Heart of Asia Conference: India, Afghanistan corner Pakistan on terrorism, Aziz says "blame games" won't help peace

At the inauguration of conference, Prime Minister Modi didn't name Pakistan but said terrorism and externally induced instability posed the gravest threat to Afghanistan's peace, stability and prosperity.

Heart of Asia Conference: India, Afghanistan corner Pakistan on terrorism, Aziz says "blame games" won

At the Heart of Asia Conference which came to an end in Amritsar last night, terrorism emanating from Pakistan remained main focus area for Prime Minister Narendra Modi and Afghan president Ashraf Ghani. Sartaz Aziz, Pakistan prime minister's adviser on foreign affairs with continuous attacks said back home that blame games won't help to bring peace in Pakistan, and claimed that his presence was Pakistan's testimony for Afghanistan support.

"Pakistan has generously pledged $500 million for reconstruction of Afghanistan. This fund, Mr Aziz, could very well be used for containing extremism because without peace, any amount of assistance will not meet the needs of our people,'' Ghani said, directly addressing Sartaj Aziz.

Afghan President Ashraf Ghani, whose country's proposal for a framework to effectively deal with terrorism could not be adopted by the conference, made a stinging attack on Pakistan, accusing it of launching an "undeclared war" against his country by providing support and safe sanctuaries to terror groups including Taliban. He added that if the Taliban did not have sanctuary in Pakistan, they would not last even for a month.

Back home to Pakistan, Aziz responded to Afghan President Ashraf Ghani’s allegations that Pakistan was giving “sanctuary” to terrorists, and said concerted policy and action, not blame games, are needed to establish peace in Afghanistan. Such blame games will not bring peace to Afghanistan, he said. Condemning Ashraf Ghani’s statement, he said that the security situation in Afghanistan was tense, adding that Pakistan will not allow its land to be used against anyone.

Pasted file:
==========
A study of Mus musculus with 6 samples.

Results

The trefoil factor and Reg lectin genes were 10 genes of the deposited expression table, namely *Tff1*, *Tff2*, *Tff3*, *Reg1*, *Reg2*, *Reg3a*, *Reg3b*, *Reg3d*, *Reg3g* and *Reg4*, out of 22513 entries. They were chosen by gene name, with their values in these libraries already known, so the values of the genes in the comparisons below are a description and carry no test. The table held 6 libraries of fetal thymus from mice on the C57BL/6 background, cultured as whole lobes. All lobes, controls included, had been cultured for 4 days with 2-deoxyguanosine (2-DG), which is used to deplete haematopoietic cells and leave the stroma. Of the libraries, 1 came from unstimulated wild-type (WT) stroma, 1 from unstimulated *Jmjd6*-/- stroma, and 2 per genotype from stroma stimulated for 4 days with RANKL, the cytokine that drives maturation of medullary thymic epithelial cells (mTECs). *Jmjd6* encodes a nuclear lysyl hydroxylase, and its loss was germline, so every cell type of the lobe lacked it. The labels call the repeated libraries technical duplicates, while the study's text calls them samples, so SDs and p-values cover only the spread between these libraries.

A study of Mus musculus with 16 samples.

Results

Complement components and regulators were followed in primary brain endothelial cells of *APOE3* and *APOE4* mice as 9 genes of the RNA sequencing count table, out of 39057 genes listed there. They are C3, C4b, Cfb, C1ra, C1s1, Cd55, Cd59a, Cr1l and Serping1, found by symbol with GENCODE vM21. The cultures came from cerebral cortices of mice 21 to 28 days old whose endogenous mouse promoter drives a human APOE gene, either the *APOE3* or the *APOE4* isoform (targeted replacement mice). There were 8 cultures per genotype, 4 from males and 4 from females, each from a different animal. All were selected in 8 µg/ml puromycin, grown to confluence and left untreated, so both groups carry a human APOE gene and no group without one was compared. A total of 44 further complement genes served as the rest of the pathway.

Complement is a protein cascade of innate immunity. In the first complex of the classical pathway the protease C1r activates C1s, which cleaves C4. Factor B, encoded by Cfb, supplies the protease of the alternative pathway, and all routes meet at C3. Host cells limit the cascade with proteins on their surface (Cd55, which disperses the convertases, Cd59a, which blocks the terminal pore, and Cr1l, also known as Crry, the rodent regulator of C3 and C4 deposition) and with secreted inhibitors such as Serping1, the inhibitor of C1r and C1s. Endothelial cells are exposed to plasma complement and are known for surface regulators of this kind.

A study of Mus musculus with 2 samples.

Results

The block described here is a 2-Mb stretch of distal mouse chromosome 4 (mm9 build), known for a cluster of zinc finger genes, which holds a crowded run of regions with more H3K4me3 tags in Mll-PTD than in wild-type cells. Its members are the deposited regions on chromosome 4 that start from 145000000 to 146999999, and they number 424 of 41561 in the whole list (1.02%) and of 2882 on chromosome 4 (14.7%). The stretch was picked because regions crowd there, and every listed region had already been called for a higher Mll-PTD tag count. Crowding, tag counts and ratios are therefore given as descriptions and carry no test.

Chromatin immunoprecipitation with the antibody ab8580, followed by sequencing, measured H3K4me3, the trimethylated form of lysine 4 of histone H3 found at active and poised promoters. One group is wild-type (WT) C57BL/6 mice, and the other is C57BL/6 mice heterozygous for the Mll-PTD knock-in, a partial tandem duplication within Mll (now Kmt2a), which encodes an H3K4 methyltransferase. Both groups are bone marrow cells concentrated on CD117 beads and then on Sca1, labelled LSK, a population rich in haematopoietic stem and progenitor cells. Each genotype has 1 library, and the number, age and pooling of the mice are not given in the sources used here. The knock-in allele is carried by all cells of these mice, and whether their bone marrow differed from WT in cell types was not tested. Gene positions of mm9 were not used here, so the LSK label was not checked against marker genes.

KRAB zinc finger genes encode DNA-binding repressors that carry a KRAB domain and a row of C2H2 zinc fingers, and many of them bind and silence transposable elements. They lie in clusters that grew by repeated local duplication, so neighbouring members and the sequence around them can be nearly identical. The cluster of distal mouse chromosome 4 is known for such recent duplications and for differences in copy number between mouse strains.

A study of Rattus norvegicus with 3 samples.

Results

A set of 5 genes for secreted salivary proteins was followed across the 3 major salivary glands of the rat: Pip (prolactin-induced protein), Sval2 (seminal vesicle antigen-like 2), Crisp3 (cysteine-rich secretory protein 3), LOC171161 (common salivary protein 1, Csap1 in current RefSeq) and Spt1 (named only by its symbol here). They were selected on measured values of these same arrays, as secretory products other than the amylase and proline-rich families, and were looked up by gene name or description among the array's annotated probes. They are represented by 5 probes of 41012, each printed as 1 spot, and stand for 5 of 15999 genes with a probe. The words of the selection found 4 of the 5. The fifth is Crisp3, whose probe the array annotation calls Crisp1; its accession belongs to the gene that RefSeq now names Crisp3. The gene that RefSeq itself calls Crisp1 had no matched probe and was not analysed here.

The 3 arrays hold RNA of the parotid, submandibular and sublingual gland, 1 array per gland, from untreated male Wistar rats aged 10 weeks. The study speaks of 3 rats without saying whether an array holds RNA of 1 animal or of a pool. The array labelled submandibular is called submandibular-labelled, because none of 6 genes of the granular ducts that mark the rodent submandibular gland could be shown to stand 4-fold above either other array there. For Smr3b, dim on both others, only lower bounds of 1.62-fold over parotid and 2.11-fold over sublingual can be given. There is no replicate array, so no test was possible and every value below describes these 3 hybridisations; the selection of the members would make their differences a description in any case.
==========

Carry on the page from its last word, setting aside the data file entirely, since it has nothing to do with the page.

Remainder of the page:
At the inauguration of conference, Prime Minister Modi didn't name Pakistan but said terrorism and externally induced instability posed the gravest threat to Afghanistan's peace, stability and prosperity.

He asked for resolute action against those who sheltered and financed terrorists. According to Modi, the growing arc of terrorist violence endangered the entire region and, as such, support for voices of peace in Afghanistan alone were not enough. He said silence and inaction against terrorism not just in Afghanistan but the entire region would only embolden terrorists and their masters.
Ahead of the conference, Modi and Ghani also had a bilateral meeting in which they reviewed the progress on recent decisions to deepen bilateral economic cooperation and strengthen the strategic partnership between the two nations.